While the rest of us are tending tomatoes, poinsettia growers kick into high gear
Most of the plants that provide holiday cheer arrive in the U.S. in the summer, to be cultivated for consumers over the next 120 days.
Mon, Jul 15, 2013 at 03:39 PM
In the middle of summer when backyard vegetable plots are hitting their production peak, home gardeners might be surprised to learn that it’s also a prime time for growing poinsettias.
Between June 15 and Aug. 1, virtually all of the poinsettias that will provide centerpieces for holiday decorations quietly arrive in the United States as unrooted shoot tips taken from mother plants grown in El Salvador, Guatemala and Mexico. These unrooted cuttings, which are grown primarily by contract farmers for large American horticultural firms, account for 95 percent or more of the poinsettias sold in North America each year, according to Jim Kennedy, sales manager for Selecta North America, one of the leading breeding and propagation companies for vegetative propagated ornamental plants worldwide.
“Each shipment can contain hundreds of thousands or even a million or more unrooted shoot tips at at a time,” said Hector Romero, a customs broker in Atlanta. The arrival of the plantlets in the United States goes virtually unnoticed except for customs officials at the two arrival points, Miami International Airport and Atlanta’s Hartsfield Jackson International Airport, and the commercial horticulture industry. The shoot tips have to be shipped without roots to meet USDA regulations to limit the possibility of introducing pests or diseases on imported plant material.
Once the plantlets clear customs, they are shipped to commercial greenhouse growers all over the United States and Canada. When they arrive at the commercial greenhouses, growers will need about 120 days to root and grow them into a marketable size for the holidays, said Kennedy.
'Christmas Glory' is one of the new varietals. (Photo: John Dole)
Each summer, plants on the benches include new varieties that were selected the previous fall at the annual North American Poinsettia Trials. The trials, which are held at three locations in different parts of the country, last year celebrated their 20th anniversary. Which begs the question, what new varieties are arriving from Central America that will be the hot new sellers you’ll see at nurseries and in stores this holiday season?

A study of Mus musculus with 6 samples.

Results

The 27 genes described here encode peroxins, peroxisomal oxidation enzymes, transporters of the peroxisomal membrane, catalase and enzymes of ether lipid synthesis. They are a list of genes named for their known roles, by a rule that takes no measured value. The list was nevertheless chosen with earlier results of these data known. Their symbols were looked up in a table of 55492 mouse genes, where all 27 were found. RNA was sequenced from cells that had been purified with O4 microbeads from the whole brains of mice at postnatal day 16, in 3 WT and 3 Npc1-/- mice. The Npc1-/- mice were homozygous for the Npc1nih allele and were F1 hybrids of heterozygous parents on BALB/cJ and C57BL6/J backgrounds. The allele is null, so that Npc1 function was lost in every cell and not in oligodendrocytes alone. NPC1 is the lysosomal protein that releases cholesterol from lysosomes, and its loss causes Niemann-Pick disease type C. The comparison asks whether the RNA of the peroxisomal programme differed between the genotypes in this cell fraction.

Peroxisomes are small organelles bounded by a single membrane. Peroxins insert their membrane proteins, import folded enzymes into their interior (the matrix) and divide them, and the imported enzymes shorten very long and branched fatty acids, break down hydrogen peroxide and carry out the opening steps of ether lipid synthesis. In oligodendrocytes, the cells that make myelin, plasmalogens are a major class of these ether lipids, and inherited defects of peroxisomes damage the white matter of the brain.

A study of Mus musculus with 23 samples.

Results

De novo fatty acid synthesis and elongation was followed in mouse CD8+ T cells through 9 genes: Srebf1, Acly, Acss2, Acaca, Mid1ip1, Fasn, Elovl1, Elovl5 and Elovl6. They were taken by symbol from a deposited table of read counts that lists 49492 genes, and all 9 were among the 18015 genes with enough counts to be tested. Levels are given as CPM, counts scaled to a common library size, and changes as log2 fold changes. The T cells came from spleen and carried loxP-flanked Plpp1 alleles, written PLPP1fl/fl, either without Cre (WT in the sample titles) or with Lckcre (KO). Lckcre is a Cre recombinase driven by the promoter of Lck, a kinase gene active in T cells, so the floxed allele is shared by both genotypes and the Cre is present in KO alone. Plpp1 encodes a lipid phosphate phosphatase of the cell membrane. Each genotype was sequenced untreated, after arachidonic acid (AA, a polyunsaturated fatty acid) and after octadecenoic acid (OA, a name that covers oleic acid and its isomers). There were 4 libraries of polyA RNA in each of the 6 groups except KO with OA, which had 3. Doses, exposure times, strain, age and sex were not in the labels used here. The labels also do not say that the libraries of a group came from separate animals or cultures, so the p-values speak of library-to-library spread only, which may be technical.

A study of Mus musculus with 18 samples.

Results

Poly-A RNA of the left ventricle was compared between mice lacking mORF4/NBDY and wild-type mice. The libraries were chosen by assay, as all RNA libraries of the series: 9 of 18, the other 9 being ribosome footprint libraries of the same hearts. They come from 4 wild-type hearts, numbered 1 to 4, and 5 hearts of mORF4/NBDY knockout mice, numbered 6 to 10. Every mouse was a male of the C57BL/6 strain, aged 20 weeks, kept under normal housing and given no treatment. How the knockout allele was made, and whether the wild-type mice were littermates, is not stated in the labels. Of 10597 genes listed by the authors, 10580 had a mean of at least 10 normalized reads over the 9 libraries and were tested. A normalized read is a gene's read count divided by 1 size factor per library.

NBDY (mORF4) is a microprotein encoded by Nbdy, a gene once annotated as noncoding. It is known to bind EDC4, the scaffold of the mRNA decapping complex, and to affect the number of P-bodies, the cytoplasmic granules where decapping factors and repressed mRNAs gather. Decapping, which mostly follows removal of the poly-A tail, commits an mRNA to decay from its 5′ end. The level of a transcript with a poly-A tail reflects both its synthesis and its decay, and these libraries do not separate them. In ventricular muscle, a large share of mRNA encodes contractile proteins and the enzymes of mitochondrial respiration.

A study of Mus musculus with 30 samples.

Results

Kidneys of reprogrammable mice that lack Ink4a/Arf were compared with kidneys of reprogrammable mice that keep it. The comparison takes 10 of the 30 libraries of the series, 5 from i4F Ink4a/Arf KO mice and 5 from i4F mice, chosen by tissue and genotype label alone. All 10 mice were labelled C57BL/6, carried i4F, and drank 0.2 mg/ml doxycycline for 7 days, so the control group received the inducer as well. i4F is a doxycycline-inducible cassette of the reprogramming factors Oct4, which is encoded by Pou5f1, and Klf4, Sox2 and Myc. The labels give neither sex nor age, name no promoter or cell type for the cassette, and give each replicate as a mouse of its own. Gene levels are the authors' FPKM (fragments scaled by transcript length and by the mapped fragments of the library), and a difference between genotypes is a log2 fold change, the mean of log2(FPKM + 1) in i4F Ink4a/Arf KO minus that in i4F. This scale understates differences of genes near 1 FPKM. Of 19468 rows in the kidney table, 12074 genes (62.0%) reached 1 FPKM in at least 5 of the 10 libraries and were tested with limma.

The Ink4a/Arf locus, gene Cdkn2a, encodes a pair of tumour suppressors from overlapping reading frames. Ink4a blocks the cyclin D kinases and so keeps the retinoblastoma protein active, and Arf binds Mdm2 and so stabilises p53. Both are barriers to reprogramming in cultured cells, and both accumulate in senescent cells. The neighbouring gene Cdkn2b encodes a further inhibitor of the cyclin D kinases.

The most comprehensive list, said John Dole, a professor of horticultural Science at North Carolina State University and one of the coordinators for the trials, is in an article he co-authored for Greenhouse Product News. Traditionalists who favor red and those who like something unusual will have the most choices.
Among the reds on the list is one called ‘Solar’ that will have a distinctive leaf shape. Poinsettia bracts, which are the colorful modified leaves rather than the flowers that make poinsettias so attractive, typically come to a point. ‘Solar,’ however, was bred to have a bract shaped like an oak leaf. Those who like intense colors should be thrilled with ‘Bravo Bright Red.’ It gets its name from an especially bright color, which will have an orange cast, and vigorous growth habit. Another new red that was bred for growth habit is ‘Prima Red.’ Growers and consumers alike should be happy with its distinctive round form, which should reduce the possibility of damage in shipping to ensure that it makes it to consumers’ homes in excellent condition.
'Christmas Beauty Nostalgia' (Photo: John Dole)
For those who like to spice up the season with something unusual, there will be plenty of new novelties to choose from. Among these cultivars, Dole notes that if one of them, ‘Christmas Beauty Nostalgia’ (above), was a hydrangea the color of its bracts would be called antique pink. When the bracts are young, they are a dark pink. As the plant ages, the bracts turn a lighter pink with green edges. Other novelties feature bracts with rosy red flecks (‘Early Twilight’), pink spots on red bracts (‘Jubilee Jingle Bells’ and ‘Premier Jingle Bells’) and creamy-yellow pink bracts with rosy pink spots and splashes (‘Viking Cinnamon’).
'Premimum White 2012' (Photo: John Dole)
If a white cultivar is your color of preference, you will not be disappointed in the new choices for 2013. ‘Glace’ had the brightest white bracts at the trial, but it matures late in the season and may not be available in central and northern states. ‘Jubilee White’ will have creamy white bracts and 'Premium White 2012' (pictured above) will have the added flair of little green veining in its white bracts.
Only one pink cultivar was selected during the trials. That is ‘Premier Pink,’ which features medium pink bracts and darker pink young bracts.
In addition to selecting new cultivars based on new colors or a longer shelf life, breeders and growers also choose new cultivars based on production benefits such as varieties that require less greenhouse heat, said Kennedy. In addition to the annual fall trials, which are conducted at universities, growers will do their own in-house trials to determine what does well in their region, he added.
Because some varieties do better in warmer areas of the country and others fare better in cooler climates, every new variety from the trials may not be available in every region. But, no matter where you live, some of these new varieties as well as your old favorites will be available in groceries, box stores, nurseries and other locations. They’ll start showing up no later than right after Halloween in most markets. Depending on where you live, that’s about the time tomatoes, squash and beans will be finishing up and you’ll be turning your attention to the holiday season.